Now that we’ve discussed how to automate Google Workspace user onboarding using pre-configured workflows and action sets, let’s explore some of the basic actions you can add to your onboarding workflows to make them complete.
Note: These actions vary based on things like organization type, and/or the department or team the new user is joining, etc.
The Admin’s Google Workspace User Onboarding Checklist
1. Email Onboarding Tasks
Welcome email: A welcome email is a great way to kickstart the onboarding experience for new joiners. It’s one of those simple gestures that go a long way.
Email Delegation: Delegating email accounts can be particularly important when onboarding new Support or Sales staff so they can instantly monitor and reply to incoming questions.
Email Signatures: Set up customized email signatures for new users based on their department, team, or role. This will make them feel like they’re officially part of the team now.
2. Drive Onboarding Tasks
Add New user to Team Drive(s): Give new joiners access to shared team Drives(s), files, templates, and resources from day one.
This may also include other organization-wide resources like company culture guidelines, employee handbooks, etc.
Copy Drive files and folders to the new user: Do you need to copy any specific files or folders to new users for particular roles or teams? — Make sure you factor those in your user onboarding workflows.
Grant/ Restrict Drive folder permissions: What about the file/folder permissions they need? — This is important to ensure data protection and DLP while reducing the number of access requests you receive.
3. Identity Access Management
Identity and access management is one of the most important areas you’ll want your Google Workspace user onboarding workflow to cover, especially in the era of remote and hybrid work.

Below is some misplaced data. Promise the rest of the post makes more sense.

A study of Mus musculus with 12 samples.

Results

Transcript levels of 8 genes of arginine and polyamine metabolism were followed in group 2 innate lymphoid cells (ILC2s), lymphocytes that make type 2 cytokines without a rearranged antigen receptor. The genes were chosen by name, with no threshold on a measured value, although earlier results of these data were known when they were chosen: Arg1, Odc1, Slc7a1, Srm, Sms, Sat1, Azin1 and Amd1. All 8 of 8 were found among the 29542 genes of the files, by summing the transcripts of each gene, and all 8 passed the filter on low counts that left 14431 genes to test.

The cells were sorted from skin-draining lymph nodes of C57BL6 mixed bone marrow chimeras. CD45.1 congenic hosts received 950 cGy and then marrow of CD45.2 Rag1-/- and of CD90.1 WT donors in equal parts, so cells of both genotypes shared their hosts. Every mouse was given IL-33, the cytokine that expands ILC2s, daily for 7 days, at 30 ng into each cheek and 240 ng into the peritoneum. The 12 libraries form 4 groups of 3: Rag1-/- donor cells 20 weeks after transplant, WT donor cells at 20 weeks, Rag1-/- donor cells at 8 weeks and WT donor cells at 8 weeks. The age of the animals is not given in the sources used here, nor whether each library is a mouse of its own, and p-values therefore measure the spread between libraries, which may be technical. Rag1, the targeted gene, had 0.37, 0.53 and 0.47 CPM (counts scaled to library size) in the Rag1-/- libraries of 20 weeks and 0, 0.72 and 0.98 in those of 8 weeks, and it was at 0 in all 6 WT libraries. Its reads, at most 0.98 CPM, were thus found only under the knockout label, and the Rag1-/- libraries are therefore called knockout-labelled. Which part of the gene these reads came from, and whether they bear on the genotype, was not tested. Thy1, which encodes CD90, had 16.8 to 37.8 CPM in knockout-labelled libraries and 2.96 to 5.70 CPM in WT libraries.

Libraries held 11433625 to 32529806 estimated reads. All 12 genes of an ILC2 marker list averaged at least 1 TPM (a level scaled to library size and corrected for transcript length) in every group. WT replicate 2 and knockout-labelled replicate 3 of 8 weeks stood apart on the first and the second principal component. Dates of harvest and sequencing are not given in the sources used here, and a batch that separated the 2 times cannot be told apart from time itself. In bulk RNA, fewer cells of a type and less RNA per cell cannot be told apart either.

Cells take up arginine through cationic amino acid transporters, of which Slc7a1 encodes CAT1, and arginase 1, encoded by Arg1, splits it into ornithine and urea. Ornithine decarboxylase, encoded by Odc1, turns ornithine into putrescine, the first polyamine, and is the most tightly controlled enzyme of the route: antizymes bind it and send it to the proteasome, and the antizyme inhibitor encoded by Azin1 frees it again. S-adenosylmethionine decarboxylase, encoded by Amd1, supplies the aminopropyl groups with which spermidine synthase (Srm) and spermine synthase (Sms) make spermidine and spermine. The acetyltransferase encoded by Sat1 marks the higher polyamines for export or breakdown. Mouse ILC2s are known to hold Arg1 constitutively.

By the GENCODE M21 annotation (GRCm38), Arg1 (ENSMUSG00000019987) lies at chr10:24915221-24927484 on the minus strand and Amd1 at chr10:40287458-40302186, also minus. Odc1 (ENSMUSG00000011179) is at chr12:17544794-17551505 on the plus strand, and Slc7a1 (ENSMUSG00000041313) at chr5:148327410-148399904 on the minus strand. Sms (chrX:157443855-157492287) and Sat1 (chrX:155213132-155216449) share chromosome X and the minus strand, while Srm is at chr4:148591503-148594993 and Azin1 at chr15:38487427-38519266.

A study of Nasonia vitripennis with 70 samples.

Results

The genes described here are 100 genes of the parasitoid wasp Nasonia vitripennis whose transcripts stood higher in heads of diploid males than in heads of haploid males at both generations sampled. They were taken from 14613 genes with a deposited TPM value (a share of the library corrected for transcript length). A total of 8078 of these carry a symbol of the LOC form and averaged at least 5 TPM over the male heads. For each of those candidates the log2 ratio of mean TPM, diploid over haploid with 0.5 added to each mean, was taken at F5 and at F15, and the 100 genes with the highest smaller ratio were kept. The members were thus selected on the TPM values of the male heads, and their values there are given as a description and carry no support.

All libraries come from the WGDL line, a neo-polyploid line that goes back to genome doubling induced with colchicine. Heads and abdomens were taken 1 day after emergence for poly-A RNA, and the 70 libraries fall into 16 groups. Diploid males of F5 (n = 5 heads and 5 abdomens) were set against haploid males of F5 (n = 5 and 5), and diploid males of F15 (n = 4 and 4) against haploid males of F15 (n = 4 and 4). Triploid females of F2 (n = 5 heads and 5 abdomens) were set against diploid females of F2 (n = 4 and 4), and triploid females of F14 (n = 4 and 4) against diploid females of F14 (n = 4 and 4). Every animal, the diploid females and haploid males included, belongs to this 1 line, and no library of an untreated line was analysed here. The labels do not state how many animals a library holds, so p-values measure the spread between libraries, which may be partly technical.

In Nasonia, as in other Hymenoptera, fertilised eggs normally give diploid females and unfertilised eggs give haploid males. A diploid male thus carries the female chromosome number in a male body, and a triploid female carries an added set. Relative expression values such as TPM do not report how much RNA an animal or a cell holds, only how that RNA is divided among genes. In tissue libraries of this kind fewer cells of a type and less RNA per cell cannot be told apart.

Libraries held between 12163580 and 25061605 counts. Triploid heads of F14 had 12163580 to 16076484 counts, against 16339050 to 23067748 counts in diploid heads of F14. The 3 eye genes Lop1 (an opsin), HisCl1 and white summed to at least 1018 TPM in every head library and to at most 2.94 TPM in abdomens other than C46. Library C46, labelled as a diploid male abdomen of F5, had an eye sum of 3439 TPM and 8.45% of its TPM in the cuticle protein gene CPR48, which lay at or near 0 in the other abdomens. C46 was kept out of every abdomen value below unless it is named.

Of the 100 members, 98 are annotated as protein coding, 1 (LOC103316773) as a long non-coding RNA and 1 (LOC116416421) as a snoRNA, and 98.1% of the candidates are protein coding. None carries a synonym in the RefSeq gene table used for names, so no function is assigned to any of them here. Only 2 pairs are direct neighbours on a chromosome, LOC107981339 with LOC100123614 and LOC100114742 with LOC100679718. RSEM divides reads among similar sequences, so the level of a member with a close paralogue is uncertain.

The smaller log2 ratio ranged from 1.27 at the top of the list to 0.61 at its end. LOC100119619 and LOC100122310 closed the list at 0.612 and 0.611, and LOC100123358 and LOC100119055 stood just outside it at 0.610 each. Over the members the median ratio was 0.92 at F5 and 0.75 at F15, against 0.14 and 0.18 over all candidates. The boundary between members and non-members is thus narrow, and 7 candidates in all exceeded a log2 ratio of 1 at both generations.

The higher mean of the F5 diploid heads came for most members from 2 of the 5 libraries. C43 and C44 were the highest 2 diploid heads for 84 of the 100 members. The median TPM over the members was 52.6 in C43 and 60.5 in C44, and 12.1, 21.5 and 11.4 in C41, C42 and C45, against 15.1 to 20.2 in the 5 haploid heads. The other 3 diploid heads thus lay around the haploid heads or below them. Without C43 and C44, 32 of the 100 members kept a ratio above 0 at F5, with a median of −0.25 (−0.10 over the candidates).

Passwords: Passwords provide the first-line defense against unauthorized access and/or cyber-attacks. As a Google Admin, make sure to encourage your new users to maintain a strong password.
Two Factor Authentication (2FA): With password breaches becoming increasingly common, ensure 2FA is enabled at least for users who have access to private or sensitive docs or are more likely to be targeted by cyberattacks.
Note: If your user group has 2FA turned on, and your new employee hasn’t gotten 2FA enabled, then they won’t be able to access their accounts.
4. Google Calendar Onboarding Tasks
Add users to relevant Calendars: This is important for new employees to be able to jump into Calendar events as recurrent team huddles or training sessions right away.
Transfer Calendar events: Is the new user replacing an employee who left your company? Perhaps you need to transfer the previous employees’ Calendar events onto them.
Remember, visibility is key for team collaboration.
5. Google Groups Onboarding Tasks
Add new employees to relevant Google Groups, whereby permissions are tied to the group rather than its individual members.
This means that when a new user is added to a group they’ll automatically be able to view all the files, emails, calendars, etc. that the group has.
7. Copy Google Contacts
Contacts are essential for new users to start communicating efficiently with internal and external parties.
That’s why it’s important that your onboarding workflow covers copying important contacts to new users.
8. Mobile Device Management (MDM)
The greatest benefit of Mobile Device Management (MDM) is the control it gives Google Admins over the laptops, phones, and tablets their users use.
MDM enables IT admins to securely monitor and manage these mobile devices that access sensitive business data.
As a Google Admin, make sure all the company devices (ChromeOS Devices) are allocated to each user. So you can manage and secure them remotely.
9. Onboard Users to the Right Organizational Unit (OU)
Add new users to the correct OU within your Google Workspace domain. This is crucial to ensure they’re set up in the correct place in your domain and have the right settings deployed.
10. Grant Google Meet/Chat Access
Give new users access to Google Chat and Meet so they can start being productive and communicate more easily with others.
Alternatively, you may choose to block access to Google Chat or Meet for certain new users.
This is a common use case for school domains.
Google Classroom Onboarding (Google for Education Domains)
This one is common in education environments where admins may need to add new teachers or students to assigned Google Classrooms during the onboarding process.
Well, that’s it with our Google Workspace User Onboarding Checklist.
So which task do you struggle with the most, Onboarding, Offboarding, or modifying Google Workspace users? — Drop us a message here and we’ll blog more about it.